Circuits for Equipment and Machinery

Circuit and electrical panel upgrades for commercial equipment and machinery

In the constantly changing and evolving business landscape, business owners and managers must meet the change with equipment upgrades and additions. New equipment and additional equipment often requires new electrical circuits or upgrades to existing electrical circuits.

The great majority of office and industrial equipment is made to run on a 20 amp, 120 or 208 volt dedicated circuit. Much of this equipment uses a standard 3-prong plug, very similar to that which can be found on a common computer or television.

Depending on the type of equipment your business employs, circuit needs and installation requirements can change rapidly. Here are a few examples:

Printing Equipment:

Print shops often employ rows of machines that print, fold, arrange, and fasten material for publication. These machines all have different electrical needs and different methods of attachment. Additionally, the installation sometimes needs to be made in such a way that allows the equipment location to be adjusted over time. 

Automotive Shop Equipment:

Service departments at car dealers or independent mechanic shops contain a plethora of different machines for repairing or modifying vehicles. This equipment can range from a simple 20 amp utility circuit to a 30 amp compressor, all the way up to a 40 amp circuit for a hydraulic lift or a 50 amp circuit for a welder. Each machine connects to the electrical system differently, and with those differences come different code-related rules. 

Computer Equipment:

Technology sector companies employ a broad range of computer equipment, from simple desktop workstations to server racks, power conditioners, and UPS’s. The great majority of this equipment only has need of a 20 or 30 amp circuit, however, the method for connecting this equipment varies greatly, and can be as simple as a wall plug, or more involved using an SO cord extension and twist lock plugs.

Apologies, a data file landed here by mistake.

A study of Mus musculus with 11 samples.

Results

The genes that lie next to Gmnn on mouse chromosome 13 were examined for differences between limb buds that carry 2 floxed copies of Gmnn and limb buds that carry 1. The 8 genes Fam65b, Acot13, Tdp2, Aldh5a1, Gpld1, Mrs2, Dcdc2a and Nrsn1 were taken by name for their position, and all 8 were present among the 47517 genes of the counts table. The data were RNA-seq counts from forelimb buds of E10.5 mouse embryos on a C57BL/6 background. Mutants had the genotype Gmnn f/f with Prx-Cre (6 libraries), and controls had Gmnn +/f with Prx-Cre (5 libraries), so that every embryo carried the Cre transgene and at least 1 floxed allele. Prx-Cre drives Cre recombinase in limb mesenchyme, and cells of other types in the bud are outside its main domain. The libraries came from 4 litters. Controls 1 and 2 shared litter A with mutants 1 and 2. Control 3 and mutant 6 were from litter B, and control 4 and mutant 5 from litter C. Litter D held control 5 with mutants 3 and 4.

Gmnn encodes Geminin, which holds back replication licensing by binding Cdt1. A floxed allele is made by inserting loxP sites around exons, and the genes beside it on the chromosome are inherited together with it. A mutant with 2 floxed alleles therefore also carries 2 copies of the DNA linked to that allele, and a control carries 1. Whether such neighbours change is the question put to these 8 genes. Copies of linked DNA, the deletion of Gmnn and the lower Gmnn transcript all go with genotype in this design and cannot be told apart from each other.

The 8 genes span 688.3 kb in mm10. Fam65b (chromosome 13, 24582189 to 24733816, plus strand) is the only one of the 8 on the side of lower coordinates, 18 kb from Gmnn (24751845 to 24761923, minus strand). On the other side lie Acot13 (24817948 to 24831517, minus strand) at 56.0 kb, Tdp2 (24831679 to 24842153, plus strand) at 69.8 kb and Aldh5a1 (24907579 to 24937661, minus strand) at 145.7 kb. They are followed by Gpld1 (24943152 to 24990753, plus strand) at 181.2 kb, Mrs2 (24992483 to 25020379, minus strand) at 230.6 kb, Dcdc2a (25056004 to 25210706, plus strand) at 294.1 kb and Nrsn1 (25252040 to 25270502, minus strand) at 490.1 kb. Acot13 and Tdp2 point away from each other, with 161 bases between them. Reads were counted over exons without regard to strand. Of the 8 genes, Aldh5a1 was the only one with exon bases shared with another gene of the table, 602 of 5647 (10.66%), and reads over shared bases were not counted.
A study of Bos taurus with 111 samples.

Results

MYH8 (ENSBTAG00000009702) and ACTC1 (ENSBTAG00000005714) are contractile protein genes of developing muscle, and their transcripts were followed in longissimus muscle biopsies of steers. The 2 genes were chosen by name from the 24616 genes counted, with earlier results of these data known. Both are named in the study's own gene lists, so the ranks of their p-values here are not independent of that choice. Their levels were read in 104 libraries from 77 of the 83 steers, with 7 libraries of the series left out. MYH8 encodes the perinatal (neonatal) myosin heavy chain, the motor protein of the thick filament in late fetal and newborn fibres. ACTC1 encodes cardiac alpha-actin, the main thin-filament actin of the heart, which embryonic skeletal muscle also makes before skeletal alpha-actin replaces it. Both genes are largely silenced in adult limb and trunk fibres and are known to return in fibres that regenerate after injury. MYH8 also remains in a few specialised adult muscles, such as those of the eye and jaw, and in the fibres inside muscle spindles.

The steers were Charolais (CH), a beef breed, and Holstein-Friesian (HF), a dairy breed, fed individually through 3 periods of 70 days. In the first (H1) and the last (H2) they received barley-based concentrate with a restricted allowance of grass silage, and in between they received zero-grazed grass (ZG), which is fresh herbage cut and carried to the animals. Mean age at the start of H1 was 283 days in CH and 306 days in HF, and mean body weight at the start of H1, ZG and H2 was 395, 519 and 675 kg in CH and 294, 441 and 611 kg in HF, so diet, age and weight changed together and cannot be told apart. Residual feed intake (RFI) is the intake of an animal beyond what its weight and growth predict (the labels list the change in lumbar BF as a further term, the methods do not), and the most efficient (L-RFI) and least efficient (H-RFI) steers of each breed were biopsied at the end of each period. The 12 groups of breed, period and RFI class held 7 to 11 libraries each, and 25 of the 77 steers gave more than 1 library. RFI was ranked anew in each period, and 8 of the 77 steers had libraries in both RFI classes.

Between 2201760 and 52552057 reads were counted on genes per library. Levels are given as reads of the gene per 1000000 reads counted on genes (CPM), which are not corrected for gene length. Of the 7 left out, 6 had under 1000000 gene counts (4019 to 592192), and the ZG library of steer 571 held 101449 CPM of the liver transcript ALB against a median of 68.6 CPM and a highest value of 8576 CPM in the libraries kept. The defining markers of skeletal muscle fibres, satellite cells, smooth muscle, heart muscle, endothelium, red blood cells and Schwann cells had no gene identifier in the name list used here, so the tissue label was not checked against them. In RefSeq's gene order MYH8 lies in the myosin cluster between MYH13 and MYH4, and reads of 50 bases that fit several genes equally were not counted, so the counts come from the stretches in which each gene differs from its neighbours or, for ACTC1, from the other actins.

Food Service Equipment:

Supermarkets, convenience stores, restaurants, and cafeterias need equipment for refrigeration, food preparation, and serving. Each piece of equipment is unique and needs unique electrical connections. Refrigerators can be small enough to run on a simple 20 amp, 120 volt circuit, but some larger refrigerators may need 30 or 40 amps at 208 volts. Mixers, ovens, microwaves, and steam powered serving tables all have different needs and requirements. An astute installer must know where to look to determine the precise needs of each piece of equipment before it can be put to work. 

Vehicle Charging Equipment:

Electric vehicles are becoming more and more common in our society, and many businesses are offering electric vehicle charging options for their employees, customers, or even their own fleet. Every electric car is unique and has different needs for circuit size and connection type.

3-Phase Equipment:

Heavy industrial equipment is frequently 3-phase. 3-phase equipment is often more expensive to purchase than single phase equipment, but it is less expensive to operate over the long run if it is frequently used. The installer must know the difference between equipment that is made to run on 120 and 208 volt circuits as opposed to 277 and 480 volt circuits. Power must be taken from a particular panel, a specific type of circuit breaker must be installed, and different color coding of the wire is often required. The electrical installation must be specific and correctly executed for 3-phase equipment to operate properly. 

Unique Needs:

Some equipment is stationary, some is mobile. Some work spaces are dedicated to a single piece of equipment, and some are used for multiple machines. Some electrical connections must be made for equipment These factors must be taken into account when determining how the circuit and point of connection are to be installed. 

Other Equipment:

This list gives several general examples of equipment and machinery that requires special electrical connections. If the specific type of equipment that you need fed and connected is not listed, we are most likely prepared to perform the installation. Feel free to call us and tell us about your new equipment.

Every business requires different equipment, and each piece of equipment requires different circuit sizes and connection types. Root Electric has been installing circuits for commercial and industrial equipment since 1986. Call us today for expert advice and a free estimate!